I have to confess I have never been what my dear departed father used to call “a corgi watcher”—someone obsessed with the royal family. Her Majesty’s views and mine, though I have sadly not as yet had the opportunity to exchange them, almost certainly diverge on issues of class and politics.
But like many Brits of my generation (I was born the year before the coronation) my life has been bookended by the reign of Queen Elizabeth II, who in 2015 entered the record books as the longest serving monarch in a thousand years of British kings and queens, eclipsing the 63 years and 216 days set by her great-great-grandmother, Queen Victoria.
In that time, she has presided over immense social and political upheavals. When she came to the throne in 1952, a svelte young woman with raven-black hair, rationing from the Second World War had only recently been lifted; the British Empire still ruled large swaths of the globe; homosexuality was a crime; divorce, a stigma; premarital sex, the exception; ethnic minorities, a rarity; sport, mostly amateur; British food, mostly inedible.
Today’s Britain—where some London schools have kids speaking more than a hundred languages, where gay marriage is legal and footballers are paid more per week than the prime minister earns in a year—is like another country. London now even has more Michelin-starred restaurants than Paris!
As 12 prime ministers and presidents came and went; as haircuts and hemlines got longer or shorter; and our faith in modernity gave way to anxiety about climate change, the queen has remained as steady as the chimes of Big Ben in honoring the vow she took at her coronation: not to rule over her people, but to serve them. Dedication to duty, constancy, and love of country are the old-fashioned virtues that have defined her reign. For 65 years, she has never faltered, never misspoken, as far as I can remember, or intentionally offended anyone; never let herself—or us—down.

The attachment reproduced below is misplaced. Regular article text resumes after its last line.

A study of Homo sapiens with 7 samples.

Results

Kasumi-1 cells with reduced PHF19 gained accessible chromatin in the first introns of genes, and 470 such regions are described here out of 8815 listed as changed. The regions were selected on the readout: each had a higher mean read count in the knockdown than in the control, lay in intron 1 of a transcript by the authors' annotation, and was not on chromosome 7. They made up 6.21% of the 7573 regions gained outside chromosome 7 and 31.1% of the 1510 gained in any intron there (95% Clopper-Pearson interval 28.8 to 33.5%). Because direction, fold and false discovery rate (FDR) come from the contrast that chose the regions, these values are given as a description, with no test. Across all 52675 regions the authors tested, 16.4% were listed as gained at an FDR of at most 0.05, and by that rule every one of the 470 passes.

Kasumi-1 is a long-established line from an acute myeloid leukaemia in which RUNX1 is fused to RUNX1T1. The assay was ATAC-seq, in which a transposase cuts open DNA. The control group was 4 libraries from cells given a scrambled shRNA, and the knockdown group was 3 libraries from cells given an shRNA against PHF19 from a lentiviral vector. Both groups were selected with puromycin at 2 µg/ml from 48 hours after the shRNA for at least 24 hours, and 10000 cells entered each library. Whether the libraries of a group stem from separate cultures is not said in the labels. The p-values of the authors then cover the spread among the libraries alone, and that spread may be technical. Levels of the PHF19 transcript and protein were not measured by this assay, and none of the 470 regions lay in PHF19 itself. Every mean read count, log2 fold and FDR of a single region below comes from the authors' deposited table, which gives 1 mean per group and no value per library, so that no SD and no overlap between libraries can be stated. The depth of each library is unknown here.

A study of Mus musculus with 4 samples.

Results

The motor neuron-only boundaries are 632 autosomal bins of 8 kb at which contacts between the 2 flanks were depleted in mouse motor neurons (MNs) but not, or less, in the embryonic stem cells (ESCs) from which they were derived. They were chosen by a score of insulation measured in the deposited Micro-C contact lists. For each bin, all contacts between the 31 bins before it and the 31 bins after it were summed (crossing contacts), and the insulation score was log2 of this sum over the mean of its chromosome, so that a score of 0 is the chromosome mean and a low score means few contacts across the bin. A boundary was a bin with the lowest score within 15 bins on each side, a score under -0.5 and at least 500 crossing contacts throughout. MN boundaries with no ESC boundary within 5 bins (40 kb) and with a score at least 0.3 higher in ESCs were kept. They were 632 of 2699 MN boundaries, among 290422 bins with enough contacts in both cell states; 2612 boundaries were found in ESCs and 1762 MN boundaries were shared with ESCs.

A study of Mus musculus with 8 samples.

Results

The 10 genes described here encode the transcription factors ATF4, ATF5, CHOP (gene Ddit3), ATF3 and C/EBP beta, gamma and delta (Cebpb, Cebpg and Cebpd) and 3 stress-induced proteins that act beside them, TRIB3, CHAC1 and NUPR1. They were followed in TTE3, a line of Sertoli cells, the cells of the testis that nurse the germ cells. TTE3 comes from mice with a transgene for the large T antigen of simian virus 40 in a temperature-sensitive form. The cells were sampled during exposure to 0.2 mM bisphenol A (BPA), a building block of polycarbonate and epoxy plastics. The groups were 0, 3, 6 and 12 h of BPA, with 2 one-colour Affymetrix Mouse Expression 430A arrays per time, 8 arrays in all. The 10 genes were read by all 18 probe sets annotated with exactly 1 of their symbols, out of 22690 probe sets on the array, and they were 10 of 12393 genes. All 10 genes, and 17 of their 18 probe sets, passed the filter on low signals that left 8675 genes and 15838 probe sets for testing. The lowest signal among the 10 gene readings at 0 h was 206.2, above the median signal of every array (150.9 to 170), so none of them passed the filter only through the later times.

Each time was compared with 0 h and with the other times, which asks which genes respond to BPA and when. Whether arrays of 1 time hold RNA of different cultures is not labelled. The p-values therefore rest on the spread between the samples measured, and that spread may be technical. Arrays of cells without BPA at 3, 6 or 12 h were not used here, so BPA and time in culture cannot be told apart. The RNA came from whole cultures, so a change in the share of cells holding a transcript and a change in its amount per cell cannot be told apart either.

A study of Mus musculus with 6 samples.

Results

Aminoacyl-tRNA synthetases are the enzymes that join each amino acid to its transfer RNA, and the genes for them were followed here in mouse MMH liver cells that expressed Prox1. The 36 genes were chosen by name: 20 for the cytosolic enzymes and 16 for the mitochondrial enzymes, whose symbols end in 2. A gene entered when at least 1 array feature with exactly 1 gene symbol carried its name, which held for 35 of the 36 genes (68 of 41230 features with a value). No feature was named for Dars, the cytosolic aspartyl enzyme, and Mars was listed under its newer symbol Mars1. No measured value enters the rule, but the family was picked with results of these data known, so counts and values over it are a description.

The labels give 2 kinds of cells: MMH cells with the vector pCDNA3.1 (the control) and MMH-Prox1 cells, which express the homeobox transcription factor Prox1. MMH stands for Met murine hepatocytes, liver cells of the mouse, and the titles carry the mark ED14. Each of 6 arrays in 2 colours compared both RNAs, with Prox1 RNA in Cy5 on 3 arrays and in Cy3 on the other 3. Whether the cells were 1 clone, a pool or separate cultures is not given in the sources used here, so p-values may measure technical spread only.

Her life has not been without unhappiness. The assassination of her beloved cousin, Louis Mountbatten, by the IRA in 1979 cut a wound in her heart that took many years to heal. And it is a measure of her tenacity and fierce commitment to duty that, during an emotionally charged visit to Ireland in 2012, she shook hands with former IRA commander and current Deputy First Minister of Northern Ireland Martin McGuinness.
The annus horribilis of 1992, when her children’s marriages fell apart and Windsor Castle went up in flames, saw popularity of the House of Windsor fall to its lowest ebb. When she did not immediately respond to the outpouring of grief over Princess Diana’s death, many felt that the monarchy had lost touch with its people.
Today, blessed by new great-grandchildren and future heirs, a thriving economy, and the longest period of peace in Britain’s long history, she is admired and adored, not just in Britain but around the world.
I will never be a corgi watcher. But I take my hat off to her and ask you, dear reader, to join me in a traditional British salutation: God Save the Queen!